You just need to walk through Villagio, Landmark or City Centre shopping malls and take stock of the people and their girth to realise that there is an obesity problem in Qatar. Rated six in the top ten countries of “growing obesity” in the world, Qatar is sure to have resulting health issues in the future, some are which are already apparent. Diabetes being at the forefront, as the percentage of adults with diabetes goes into double figures, the percentage of children with diabetes is ballooning also. The number of children walking through the school gates (just about), carrying their insulin kits, balance the number bringing fast food for their lunch and together, they out-weigh the children taking healthy lunches, literally.
While obesity is recognized as one of the leading contributing factors to preventative health issues in Qatar, the most contributing factor to health issues from birth are inter-family marriages. Actually, apart from the black Abaya and the golf cufflinks glinting under the mall chandeliers, on the pristine white garb, as they enjoy their buckets of deep fried chicken and supersized cokes one can see the similarity between these kissin’ cousins and their fellow hilly-billy-sister-kissin’ friends down south. East meets West.
Given that in Ireland my visits to shopping centers were instigated by the need to purchase something, there was only ever a need for a quick coffee or a sandwich at most. But now being forced by heat, societal pressure and mounting laziness to spend family days out hanging around Malls, we now take the opportunity to eat our main meal there. Before your heart bleeds at the thought of me having to have my “Sunday” (Friday in Qatar) dinner in a shopping mall, let me clarify, the food courts at these shopping malls have every food chain there is and then some. Of course fast food is rife and the chance of finding a humble sandwich or a scone is nil.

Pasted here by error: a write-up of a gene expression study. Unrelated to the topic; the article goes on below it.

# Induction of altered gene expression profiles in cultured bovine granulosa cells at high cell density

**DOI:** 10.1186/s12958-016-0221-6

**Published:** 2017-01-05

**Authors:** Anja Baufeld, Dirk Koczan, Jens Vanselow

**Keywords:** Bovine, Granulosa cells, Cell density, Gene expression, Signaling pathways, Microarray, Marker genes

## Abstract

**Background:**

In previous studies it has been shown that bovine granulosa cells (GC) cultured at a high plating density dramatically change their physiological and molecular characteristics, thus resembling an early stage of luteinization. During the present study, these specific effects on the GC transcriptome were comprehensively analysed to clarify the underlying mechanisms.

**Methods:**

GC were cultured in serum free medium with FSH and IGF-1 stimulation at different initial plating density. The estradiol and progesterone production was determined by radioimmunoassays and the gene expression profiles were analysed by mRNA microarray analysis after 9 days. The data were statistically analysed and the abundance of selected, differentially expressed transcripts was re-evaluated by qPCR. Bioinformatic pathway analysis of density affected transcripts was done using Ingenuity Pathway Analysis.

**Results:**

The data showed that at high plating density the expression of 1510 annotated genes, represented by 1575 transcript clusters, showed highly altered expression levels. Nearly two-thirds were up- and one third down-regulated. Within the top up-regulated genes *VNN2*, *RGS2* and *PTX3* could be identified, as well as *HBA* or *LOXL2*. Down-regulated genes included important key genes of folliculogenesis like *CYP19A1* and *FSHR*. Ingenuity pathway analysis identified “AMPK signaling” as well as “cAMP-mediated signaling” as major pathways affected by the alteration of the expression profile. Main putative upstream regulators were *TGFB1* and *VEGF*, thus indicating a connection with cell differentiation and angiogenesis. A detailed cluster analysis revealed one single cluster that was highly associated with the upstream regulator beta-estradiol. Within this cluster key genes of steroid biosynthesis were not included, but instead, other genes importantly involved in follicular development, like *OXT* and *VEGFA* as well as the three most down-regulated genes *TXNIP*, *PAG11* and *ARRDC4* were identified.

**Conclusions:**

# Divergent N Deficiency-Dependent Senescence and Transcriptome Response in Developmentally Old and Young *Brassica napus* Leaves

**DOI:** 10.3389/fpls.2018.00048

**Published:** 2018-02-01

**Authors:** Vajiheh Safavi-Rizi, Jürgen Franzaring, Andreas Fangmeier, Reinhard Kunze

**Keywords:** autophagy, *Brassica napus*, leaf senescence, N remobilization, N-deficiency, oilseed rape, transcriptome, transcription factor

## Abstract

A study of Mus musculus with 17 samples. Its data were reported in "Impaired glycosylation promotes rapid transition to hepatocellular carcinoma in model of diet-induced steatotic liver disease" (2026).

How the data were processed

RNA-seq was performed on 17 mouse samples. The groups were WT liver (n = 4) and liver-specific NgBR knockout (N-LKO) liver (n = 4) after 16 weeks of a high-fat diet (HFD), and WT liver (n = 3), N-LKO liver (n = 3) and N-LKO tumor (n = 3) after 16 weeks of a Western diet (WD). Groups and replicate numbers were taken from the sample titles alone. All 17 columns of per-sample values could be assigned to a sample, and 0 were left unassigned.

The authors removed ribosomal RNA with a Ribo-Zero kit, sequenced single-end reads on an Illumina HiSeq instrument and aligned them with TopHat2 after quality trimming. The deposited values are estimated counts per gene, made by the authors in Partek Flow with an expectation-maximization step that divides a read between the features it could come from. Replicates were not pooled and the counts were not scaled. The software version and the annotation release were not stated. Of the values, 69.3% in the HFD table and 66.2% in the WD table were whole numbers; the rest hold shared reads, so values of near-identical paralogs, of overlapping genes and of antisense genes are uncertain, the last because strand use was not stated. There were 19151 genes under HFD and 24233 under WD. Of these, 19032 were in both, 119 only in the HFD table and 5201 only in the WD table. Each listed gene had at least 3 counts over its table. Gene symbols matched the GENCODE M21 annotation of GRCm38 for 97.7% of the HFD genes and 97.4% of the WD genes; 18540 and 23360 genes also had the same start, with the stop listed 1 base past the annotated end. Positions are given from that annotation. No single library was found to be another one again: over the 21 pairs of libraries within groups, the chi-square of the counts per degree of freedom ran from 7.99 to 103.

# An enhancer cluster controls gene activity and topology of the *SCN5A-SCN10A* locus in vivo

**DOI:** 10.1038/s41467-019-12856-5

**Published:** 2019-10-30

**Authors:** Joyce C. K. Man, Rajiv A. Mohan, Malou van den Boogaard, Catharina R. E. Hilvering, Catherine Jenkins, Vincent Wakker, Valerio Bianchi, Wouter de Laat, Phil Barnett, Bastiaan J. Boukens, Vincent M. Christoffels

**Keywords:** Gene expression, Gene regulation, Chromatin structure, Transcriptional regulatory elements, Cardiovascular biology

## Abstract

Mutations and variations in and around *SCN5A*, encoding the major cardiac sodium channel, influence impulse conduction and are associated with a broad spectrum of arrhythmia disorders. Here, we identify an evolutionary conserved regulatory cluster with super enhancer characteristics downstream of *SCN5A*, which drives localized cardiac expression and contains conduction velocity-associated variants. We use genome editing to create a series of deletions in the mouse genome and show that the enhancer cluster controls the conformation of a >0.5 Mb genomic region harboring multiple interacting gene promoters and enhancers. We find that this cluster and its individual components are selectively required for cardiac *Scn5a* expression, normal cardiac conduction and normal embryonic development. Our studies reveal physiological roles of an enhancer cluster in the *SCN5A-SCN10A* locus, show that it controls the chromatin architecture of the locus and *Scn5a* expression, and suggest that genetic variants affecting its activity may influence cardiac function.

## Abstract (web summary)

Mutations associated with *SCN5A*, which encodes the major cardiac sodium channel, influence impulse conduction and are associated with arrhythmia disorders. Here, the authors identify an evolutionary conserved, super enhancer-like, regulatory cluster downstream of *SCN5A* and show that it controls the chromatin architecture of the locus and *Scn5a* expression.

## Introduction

Having previously placed significant emphasis on the importance of family eating their meals together, ok, it was more than significant emphasis, it was more like, “eat at the table or die”. I have also been known to voice and exercise the merit in everyone in the family eating the same meal, no second dinner in my house, no leaving the asparagus on the side of your plate, no siree. ”. I look back on the days of our mealtimes in Ireland, meat, spuds and two veg and the satisfaction of knowing that even though nobody enjoyed it, it was the right thing to do. The fond memories of complaints from the husband about watery spuds, tears from the children about onions in the gravy and my own personal heartache of having to fill the dishwasher, I sit back and wonder where have we gone wrong, our valuable family mealtimes gone forever. Long evenings spent processing tiny tubs of butternut squash and carrot for baby, lost. Broken down or reformed I’m not sure which, it was in these free for all food-courts that I’ve gradually lost control, sorry, grip on the eating thing.
The new family system is now as such, we each order from our preferred outlet, the first one finished, grabs the table in the food court, we then proceed to share our meal, one Indian, one Arabic, a KFC ,a McDonalds and a jar of strawberry custard for baby [stepping stone to chicken nuggets]. This new arrangement leaves us with no common topic of conversation, other than, “how was your queue?” “what did you get?” and while it’s a recipe for happy children something seems amiss at this family meal time, just the common conversation about the dinner , “spuds are nice”, kinda thing or “that’s a nice piece of beef”. All this is gone now and the words, “are you finishing that” can be heard more often.
All those years in Ireland spent re-training our minds to reduce portion size and replace high cholesterol foods with healthy alternatives, wasted. I’m disappointed to say that rather than setting a healthy trend, I dive into my Big Mac and looking across at my husband I seek comfort from the fact that at least we’re not cousins.